Reports of mugging at gunpoint and lapses in security at the 2018 Global Citizen Festival in Johannesburg underscore the very issues of scarcity and social instability that Global Citizens wants to address.
More than 75,000 people attended Sunday's concert, with millions of viewers in over 180 countries watching the broadcasted performances. The event, held at the FNB Stadium outside the township of Soweto, was headlined by major draws such as Beyoncé, Jay-Z, Usher, Pharrell, and Ed Sheeran, with attendees including Oprah Winfrey, Dave Chappelle, and Tyler Perry. Soweta-born Trevor Noah hosted the evening, commending the crowd's enthusiasm, the nobility of the cause, and the impressive size of donations.
The festival, themed as "Mandela 100," raised $7.2 billion over the weekend, spotlighting South Africa in a celebration of what would have been Nelson Mandela's 100th birthday. Pledges far surpassed the goal of $1 billion, with sizable commitments from the likes of World Bank, Cisco, Vodacom, and the government of South Africa. The funds are to be dedicated to Global Citizen Projects' goal of eliminating extreme poverty by 2030. According to the organization's website, "Global Citizens learn about the systemic causes of extreme poverty, take action on those issues, and earn rewards for their actions — as part of a global community committed to lasting change." Among the "rewards" mentioned are free tickets to attend the annual festival, which accounted for most of the thousands in attendance.
Yet reported flaws in the festival's security and notable absences of South African politicians at such a politically-charged (and highly publicized) fundraiser highlight crucial pitfalls to addressing poverty with crowd-drawing celebrities and big money companies.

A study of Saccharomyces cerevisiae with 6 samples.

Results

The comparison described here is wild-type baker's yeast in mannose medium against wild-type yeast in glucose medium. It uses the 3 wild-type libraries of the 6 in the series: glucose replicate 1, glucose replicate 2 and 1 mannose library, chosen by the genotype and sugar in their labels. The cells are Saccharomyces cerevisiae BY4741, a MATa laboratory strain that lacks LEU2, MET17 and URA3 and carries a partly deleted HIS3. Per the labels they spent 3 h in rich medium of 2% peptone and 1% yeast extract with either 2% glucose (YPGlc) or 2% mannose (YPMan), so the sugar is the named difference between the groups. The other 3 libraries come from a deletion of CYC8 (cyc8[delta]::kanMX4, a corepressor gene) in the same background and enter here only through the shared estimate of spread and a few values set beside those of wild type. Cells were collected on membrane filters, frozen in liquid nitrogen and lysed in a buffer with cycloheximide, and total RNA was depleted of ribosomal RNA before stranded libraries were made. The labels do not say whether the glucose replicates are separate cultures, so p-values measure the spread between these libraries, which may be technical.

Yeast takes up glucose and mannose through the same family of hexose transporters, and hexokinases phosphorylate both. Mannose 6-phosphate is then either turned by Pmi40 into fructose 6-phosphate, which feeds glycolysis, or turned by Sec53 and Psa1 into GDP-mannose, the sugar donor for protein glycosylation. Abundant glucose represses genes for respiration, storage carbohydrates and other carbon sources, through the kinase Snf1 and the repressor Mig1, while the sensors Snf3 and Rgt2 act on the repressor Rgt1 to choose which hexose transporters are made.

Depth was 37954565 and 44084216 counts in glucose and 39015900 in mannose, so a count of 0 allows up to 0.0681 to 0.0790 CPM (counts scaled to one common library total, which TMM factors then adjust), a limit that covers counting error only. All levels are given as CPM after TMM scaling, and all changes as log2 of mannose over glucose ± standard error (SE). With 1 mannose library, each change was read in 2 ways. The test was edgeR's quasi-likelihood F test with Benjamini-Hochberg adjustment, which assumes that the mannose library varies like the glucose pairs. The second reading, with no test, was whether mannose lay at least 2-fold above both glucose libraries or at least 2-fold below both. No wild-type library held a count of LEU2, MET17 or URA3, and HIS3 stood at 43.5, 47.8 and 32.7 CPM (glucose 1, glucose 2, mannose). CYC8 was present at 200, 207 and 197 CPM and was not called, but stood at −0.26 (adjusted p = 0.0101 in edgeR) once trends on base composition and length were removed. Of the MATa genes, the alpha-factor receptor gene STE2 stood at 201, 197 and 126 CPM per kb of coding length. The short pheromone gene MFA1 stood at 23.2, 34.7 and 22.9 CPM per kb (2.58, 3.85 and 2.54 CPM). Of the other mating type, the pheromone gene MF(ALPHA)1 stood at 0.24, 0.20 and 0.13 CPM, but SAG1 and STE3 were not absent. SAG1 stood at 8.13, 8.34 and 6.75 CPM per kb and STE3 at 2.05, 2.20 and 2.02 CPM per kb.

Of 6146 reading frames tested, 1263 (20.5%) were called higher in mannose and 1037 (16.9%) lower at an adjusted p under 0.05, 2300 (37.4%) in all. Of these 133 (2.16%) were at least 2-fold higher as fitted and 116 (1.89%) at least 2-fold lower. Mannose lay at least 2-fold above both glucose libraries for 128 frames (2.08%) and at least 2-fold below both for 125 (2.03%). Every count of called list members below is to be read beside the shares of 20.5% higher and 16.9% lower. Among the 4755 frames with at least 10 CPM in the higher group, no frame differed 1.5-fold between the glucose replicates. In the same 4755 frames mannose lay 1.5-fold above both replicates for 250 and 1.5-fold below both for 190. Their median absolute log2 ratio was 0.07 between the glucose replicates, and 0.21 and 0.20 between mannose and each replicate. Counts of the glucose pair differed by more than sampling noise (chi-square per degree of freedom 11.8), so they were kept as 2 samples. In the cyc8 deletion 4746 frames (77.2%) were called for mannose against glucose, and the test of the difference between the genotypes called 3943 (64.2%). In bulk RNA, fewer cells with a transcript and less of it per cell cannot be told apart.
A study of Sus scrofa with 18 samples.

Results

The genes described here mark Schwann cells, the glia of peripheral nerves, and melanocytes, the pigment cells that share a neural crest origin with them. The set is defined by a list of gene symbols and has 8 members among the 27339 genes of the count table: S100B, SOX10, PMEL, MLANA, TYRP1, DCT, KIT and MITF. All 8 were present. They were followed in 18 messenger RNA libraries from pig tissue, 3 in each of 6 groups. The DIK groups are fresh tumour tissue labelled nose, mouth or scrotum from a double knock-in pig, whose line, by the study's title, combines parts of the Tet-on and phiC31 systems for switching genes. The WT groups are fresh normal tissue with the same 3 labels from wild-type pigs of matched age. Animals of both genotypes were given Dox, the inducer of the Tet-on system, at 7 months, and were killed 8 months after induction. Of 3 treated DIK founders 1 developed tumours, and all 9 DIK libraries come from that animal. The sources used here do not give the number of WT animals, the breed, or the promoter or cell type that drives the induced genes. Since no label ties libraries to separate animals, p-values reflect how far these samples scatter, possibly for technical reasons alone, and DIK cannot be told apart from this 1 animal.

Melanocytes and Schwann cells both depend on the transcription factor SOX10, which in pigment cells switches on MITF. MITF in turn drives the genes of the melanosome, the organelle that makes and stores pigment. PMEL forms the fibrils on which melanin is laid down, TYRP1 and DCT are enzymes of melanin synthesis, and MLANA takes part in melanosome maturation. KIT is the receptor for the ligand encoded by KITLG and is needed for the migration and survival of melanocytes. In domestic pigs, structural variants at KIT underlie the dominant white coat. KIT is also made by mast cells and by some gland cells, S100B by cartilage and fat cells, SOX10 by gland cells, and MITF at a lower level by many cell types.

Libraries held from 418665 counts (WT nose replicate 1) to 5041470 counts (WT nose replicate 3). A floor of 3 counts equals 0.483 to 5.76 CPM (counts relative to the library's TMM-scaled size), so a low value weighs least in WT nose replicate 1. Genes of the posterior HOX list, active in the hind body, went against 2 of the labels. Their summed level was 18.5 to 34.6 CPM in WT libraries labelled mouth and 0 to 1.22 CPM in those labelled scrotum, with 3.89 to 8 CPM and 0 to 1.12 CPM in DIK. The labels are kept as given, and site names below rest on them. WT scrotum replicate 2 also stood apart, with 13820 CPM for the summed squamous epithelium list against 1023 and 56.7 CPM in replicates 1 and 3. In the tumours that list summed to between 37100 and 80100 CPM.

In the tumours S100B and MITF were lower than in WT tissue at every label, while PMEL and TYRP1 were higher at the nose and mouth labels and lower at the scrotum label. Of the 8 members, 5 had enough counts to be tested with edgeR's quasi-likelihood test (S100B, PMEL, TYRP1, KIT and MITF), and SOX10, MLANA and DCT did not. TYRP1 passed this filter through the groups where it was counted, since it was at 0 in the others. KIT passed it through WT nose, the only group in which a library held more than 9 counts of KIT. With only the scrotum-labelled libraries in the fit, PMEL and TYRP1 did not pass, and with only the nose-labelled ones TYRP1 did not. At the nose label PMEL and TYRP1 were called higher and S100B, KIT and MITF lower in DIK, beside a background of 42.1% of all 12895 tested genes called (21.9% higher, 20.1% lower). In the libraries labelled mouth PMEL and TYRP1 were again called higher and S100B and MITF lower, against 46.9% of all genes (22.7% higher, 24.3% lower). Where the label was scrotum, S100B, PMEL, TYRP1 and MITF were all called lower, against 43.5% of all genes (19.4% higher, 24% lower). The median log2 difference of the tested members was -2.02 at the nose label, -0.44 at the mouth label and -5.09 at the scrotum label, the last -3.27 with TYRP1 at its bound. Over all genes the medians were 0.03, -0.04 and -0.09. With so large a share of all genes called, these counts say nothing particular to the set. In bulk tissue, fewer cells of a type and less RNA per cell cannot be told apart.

On Wednesday Police Minister Bheki Cele acknowledged that 50 case reports were filed and 15 arrests were made after "unforeseen circumstances" resulted in a lack of police after the festival. A "total collapse" of traffic management scattered festival-goers across the streets of Johannesburg in search of Ubers and taxis. Dozens of people who flocked to a garage near the stadium reported being mugged at gun- and knife-point. Many shared their fear and outrage on Twitter.
One user posted in real time as their group was ostensibly waiting for a ride at the garage and fearing for their safety. The user referred to "tsotsis," roughly South African slang for "thugs," mugging and taunting the attendees.
With 58 heads of state attending the event, the police reportedly congregated close to the stadium but left the area immediately after the concert ended, which is against standard protocol. While Johannesburg is not as notorious for crime as it was during the shameful era of apartheid, law and order are still struggling to find ground in a country where 14 million South Africans live in extreme poverty, surviving on less than $1.25 a day. As of September 2018, nearly one-third of South Africans are unemployed, with low economic growth having economists concerned for the country's future.
At one point in the evening, Trevor Noah commented, "Today, we demand that our world leaders do more, and we must do it now. Because if we fail to act, all the signs indicate that extreme poverty will not be solved by 2030 and, in many places, it will get worse."
CCTV footage of disturbances at Sasol garage, JohannesburgThe South African
Throughout the night, spokespeople for corporations graced the stage to announce their donations. President of South Africa Cyril Ramaphosa addressed the crowd, "Today, by your mere presence here, you have declared that poverty is a stain on the conscience of humanity, and we must all work together to end poverty." However, critics have noted that no other representatives of the South African government were in attendance to reaffirm commitments to reform the country's internal instability.
Nonetheless, by the end of the festival, major conglomerates and allied African governments pledged billions of dollars to reform South Africa's education system, fund land reform and women-owned businesses, and combat gender-based violence and HIV rates. But as the South African newspaper Daily Maverick points out:
"Even if all the money goes to the causes for which it is intended…it is still a stark indictment of South African governance that the fulfilling of its citizens' most basic needs should be effectively outsourced to foreign governments and transnational mega-corporations—the latter not known for condition-free benevolence—24 years after democracy."